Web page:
Rusty Kingon, Lifelong Sailor and Leader UCSC Summer Sailing Camp
My first taste of sailing was aboard a Sunfish dinghy on a small lake in Northern Michigan as a kid with my family. Fast forward a few years to college and a week-long trip to the Florida Keys had me hooked. After becoming a certified American Sailing Association instructor and a licensed Coast Guard captain, I began working for Pacific Sail (then known as Pacific Yachting and Sailing). Shortly thereafter, an opening with UCSC as a sailing and rowing instructor appeared and 20 years later, I am still doing what I love.
Sailing means different things to different people. A perfect day for some may be in a small dinghy, sailing blissfully up and down the harbor, mingling with folks you come across. It may be racing against identical boats (called “one-design” races) to see who is the fastest on any given day, or it may be chartering a boat for a week with friends and family in some far-flung corner of the world. At UCSC, we give students of different ages (juniors, college students, community adults) the opportunity to learn and try any or all of these varieties of sailing. We are the only organization in the Monterey Bay area that teaches basics on a small dinghy as well as coastal cruising on a live-aboard vessel. We also have a vibrant club that allows members to use our vessels on the weekends based on one’s current skill level.
While our primary focus is providing opportunities for UCSC students to learn sailing, rowing, and kayaking skills throughout the school year, we also provide those same opportunities to community members. We have been safely offering summer programming to local youths and adults for over 30 years and have taught thousands how to sail in that time. My old-timer moment recently came when a woman I had taught how to sail as a UC student is now enrolling her daughter in one of our youth classes.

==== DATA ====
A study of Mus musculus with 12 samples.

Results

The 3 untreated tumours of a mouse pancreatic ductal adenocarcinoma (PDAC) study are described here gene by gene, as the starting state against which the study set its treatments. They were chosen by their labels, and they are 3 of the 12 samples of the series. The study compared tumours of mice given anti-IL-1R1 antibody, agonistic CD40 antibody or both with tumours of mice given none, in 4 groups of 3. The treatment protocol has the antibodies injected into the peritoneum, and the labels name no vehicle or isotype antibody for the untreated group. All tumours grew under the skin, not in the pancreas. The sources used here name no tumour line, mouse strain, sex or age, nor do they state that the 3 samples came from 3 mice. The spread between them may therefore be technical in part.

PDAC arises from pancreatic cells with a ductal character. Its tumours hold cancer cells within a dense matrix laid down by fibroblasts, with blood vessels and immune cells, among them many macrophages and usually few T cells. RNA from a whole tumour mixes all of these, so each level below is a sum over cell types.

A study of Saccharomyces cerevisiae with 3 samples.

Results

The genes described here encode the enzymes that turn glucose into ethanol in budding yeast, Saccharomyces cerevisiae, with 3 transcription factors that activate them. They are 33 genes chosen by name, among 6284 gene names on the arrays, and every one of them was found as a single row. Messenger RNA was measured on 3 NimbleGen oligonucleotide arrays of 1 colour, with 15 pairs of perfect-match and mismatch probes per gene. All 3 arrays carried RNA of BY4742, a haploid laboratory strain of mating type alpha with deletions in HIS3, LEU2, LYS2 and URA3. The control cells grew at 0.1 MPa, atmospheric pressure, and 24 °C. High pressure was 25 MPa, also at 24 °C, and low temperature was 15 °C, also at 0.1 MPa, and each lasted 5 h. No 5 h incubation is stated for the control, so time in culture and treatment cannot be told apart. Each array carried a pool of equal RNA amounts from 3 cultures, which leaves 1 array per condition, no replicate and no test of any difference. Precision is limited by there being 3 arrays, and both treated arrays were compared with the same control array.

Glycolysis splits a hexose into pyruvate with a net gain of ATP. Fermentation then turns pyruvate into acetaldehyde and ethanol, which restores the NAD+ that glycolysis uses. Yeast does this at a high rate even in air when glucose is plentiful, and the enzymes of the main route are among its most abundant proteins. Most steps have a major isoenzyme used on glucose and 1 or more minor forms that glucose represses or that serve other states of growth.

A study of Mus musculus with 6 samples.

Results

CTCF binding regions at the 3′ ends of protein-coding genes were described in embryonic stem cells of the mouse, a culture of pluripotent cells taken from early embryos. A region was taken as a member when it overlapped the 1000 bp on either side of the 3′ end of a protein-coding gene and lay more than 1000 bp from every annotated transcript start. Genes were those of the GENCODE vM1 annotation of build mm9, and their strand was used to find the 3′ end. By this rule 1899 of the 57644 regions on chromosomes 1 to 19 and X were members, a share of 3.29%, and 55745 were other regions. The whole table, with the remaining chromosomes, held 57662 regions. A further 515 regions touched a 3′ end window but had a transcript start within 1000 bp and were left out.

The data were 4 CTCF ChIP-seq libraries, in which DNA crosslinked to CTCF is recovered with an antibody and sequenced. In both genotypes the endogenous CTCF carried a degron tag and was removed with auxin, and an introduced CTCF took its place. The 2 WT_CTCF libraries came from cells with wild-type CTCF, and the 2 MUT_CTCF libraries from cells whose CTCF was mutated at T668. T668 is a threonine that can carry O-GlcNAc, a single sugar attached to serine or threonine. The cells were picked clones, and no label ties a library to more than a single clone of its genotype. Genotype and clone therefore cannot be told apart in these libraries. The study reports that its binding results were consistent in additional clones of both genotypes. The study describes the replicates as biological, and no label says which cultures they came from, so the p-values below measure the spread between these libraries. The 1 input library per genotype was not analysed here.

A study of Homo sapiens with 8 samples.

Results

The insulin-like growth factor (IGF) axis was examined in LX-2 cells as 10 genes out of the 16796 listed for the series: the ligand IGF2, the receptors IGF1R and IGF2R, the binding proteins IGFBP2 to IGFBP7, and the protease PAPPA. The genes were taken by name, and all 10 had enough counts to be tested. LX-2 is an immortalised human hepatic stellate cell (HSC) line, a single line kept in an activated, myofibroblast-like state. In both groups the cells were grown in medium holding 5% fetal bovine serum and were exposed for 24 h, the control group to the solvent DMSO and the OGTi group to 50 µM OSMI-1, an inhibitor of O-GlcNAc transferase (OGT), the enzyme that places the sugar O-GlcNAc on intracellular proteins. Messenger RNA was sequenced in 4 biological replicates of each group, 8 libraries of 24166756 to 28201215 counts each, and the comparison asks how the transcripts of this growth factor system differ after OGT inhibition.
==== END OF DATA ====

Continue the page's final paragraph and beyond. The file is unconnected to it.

Our junior classes are a great way to introduce kids to the sport.
While being on the water is not without risk, our goal is for the students to feel safe, comfortable, and wanting to learn more about the sport when they finish a two-week course. Building junior racers is not a focus of our program. If students want a more competitive environment, those options are certainly available, but skill development, team building, and having fun are our primary goals. We also impress upon students the need to be good stewards of the environment and spend considerable time talking about the uniqueness of our Bay and the diversity of the marine life within.
I typically teach the adult evening classes while my assistant, Aria Lange, oversees our junior programming. Aria teaches all levels of small-boat sailing at UCSC and as a former UC sail team member and youth sailing instructor in Massachusetts, brings a wealth of experience and knowledge to our program. Creative and engaging, Aria and her staff create a fun and safe experience for all of our junior sailors.
We encourage anyone who is interested in learning to sail to check out our web page, https://recreation.ucsc.edu/boating/index.html, which lists a full summer class schedule.